Can Runners Really Benefit from a Mantra?

Ashley Lauretta
by Ashley Lauretta

Recently there has been a lot of talk about mindfulness. It’s not just prevalent in the world of yoga or running, but also in daily discussions. Lately, it’s often mentioned in terms of ways to become more productive and even to find a new way to eat healthy. Mindfulness is just one of the many tools we use daily to be present and focus on the tasks ahead — and it is proving to be a helpful one.

When it comes to the focus and determination found in mindfulness, a mantra is a device often touted — especially for runners — as the go-to method for pushing beyond the barriers placed on our body and accomplishing what is deemed as impossible. However, mantras weren’t always what we now consider them to be.

“Technically speaking, a mantra is mental device to enter state of relaxation.”

“The term mantra has become pretty widespread recently, and we now use it in a way far removed from it’s original meaning,” explains performance psychologist, Simon Marshall, PhD, co-founder of Braveheart Health & Fitness and author ofThe Brave Athlete: Calm the F*ck Down and Rise to the Occasion.” “Technically speaking, a mantra is mental device to enter state of relaxation. It derives from ‘man-’ meaning ‘of the mind’ or ‘to think’ and ‘tra’ denoting instrument or tool. Thus, it’s an instrument of the mind to elicit a state of deep relaxation.”

Marshall shares that now mantras are considered mind instruments used to elicit any state of feeling or thinking we want to experience. If mantras serve many different functions and are surrounded by hype, do you really need one of your own?


A mantra is usually a word or phrase that evokes a feeling in the person using it. In running, this usually comes during a tough a workout or race. The question is: How do you know if a mantra will work for you?

“I don’t think every runner needs a mantra, but I think every runner can benefit from a mantra, even if it is not in the traditional sense of a motivating phrase or power word,” reveals Tina Muir, a retired professional runner and creator of Running for Real. “It can be something as simple as the name of someone who inspires you or means a lot to you, something you have done to get yourself ready for this race or the biggest one of all, your ‘why’ for doing this.”


When it comes to using a mantra, you can think of it more than just added motivation. When it comes to using a mantra, you have to really take the time to look at what feelings you want to evoke and call upon as you need them. For example, when it comes to using a mantra to push through discomfort, you need to ask yourself what thoughts and feelings you want to push aside during the toughest parts of a workout or race.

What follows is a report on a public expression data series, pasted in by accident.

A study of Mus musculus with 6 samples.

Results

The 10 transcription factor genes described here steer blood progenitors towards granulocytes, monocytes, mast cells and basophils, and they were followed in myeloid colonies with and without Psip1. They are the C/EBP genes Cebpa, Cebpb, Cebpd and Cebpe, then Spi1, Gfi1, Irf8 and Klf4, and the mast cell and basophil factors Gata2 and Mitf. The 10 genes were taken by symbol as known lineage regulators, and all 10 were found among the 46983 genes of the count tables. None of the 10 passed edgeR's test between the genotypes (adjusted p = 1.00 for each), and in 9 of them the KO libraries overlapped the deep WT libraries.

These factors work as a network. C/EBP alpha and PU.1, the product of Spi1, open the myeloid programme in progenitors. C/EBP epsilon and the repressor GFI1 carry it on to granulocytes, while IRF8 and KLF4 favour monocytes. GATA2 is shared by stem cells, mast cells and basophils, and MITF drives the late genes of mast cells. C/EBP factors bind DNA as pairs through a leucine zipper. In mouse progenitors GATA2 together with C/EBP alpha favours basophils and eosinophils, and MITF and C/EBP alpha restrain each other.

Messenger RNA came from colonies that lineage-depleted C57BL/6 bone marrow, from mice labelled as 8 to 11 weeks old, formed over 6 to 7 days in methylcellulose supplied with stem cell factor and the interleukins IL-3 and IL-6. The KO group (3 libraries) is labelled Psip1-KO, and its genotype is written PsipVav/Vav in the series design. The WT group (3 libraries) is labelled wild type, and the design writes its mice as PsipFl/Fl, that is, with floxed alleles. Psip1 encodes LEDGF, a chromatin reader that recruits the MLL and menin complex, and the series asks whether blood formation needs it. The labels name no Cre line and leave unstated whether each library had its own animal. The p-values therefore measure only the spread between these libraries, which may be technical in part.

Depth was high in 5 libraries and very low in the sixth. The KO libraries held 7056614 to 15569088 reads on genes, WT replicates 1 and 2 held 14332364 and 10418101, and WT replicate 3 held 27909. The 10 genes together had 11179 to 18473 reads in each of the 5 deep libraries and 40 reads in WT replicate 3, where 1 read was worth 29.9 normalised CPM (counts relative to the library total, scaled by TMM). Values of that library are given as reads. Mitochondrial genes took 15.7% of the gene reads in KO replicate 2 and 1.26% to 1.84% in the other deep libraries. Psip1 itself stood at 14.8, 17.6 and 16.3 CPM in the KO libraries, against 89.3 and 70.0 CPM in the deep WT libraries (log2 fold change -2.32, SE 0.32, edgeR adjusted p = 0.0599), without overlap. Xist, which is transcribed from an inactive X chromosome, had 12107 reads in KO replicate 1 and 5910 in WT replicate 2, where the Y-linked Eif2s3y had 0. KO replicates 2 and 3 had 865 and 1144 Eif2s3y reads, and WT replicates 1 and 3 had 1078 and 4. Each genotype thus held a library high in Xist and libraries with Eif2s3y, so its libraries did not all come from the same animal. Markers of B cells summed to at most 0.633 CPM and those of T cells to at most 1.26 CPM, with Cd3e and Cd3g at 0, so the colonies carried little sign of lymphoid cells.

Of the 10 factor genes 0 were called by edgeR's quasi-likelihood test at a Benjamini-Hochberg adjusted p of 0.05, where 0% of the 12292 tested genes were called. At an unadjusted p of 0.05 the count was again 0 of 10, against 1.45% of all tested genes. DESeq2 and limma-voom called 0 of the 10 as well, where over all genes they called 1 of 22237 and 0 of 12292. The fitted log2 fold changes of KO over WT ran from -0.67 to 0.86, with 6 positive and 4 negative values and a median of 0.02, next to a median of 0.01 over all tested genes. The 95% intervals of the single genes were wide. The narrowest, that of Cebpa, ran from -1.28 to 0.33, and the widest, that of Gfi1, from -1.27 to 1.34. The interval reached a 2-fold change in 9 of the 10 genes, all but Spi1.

“In one sense, a potential mantra to help this could be considered motivational because we need to help the athlete ‘persist with intensity toward a goal,’ but in another sense it’s really about attentional control,” shares Marshall. “For pain tolerance, it’s best to avoid complex statements that require lots of mental bandwidth, which is in very short supply when you’re in the hurt locker. We are aiming for repetitive, metronomic cues that convey forward progress and don’t require conscious thought.”


You can use the advice above when creating your own mantra and, in the provided example, Marshall suggests something as simple as obsessively counting or repeating the chorus to a song over and over again.

Really, your mantra is about what speaks to you, and you can even have a new mantra for every mile of the race or for times you feel tired or sore. Your mantra is really anything that helps you through your moment of need.

“Think about words or people that really speak to you. Ask yourself some of these questions:

  • Who has been influential in you getting to this race line healthy?
  • Who has supported you in moments of need?
  • What have you overcome to get to this moment?
  • What words make you feel strong and powerful?

Those words should be somehow incorporated into your mantras or become one themselves,” adds Muir. “You might also find during training that a certain phrase just grabs your attention, write them down as you go and the day before your race, read through them all, finding the ones that really stick.”


Of course what works for one runner won’t always work for another and mantras are no exception. If you have tried it over the series of races and workouts and just aren’t seeing any benefit, you aren’t doomed.

“If self-talking your way to success isn’t cutting it, try faking it,” reveals Marshall. “Increasing evidence points to using embodied cognition — which means using behaviors to change our thoughts and feelings — as a strategy to change our mindset. Yes, believe it or not, ‘fake it till you make it’ is now an evidence-based statement.”

Of course mindfulness, meditation and mantras aren’t for everyone.

“If a mantra doesn’t work, there are other things to try,” suggests Debbie Woodruff, a personal trainer and RRCA coach. “Sign up for a race so that you have a specific goal. Create a running plan — or have a coach one prepare one — that you can follow. Join a running club or find some friends to run with. If you like statistics, use an app like MapMyRun to track your improvements. Every runner is different and needs to develop different types of self-motivational tools for those times when they need to dig deep.”



Ashley Lauretta
Ashley Lauretta

Ashley is a journalist based in Austin, Texas. She is the assistant editor at LAVA and her work appears in The Atlantic, ELLE, GOOD Sports, espnW, VICE Sports, Health, Men’s Journal, Women’s Running and more. Find her on Twitter at @ashley_lauretta.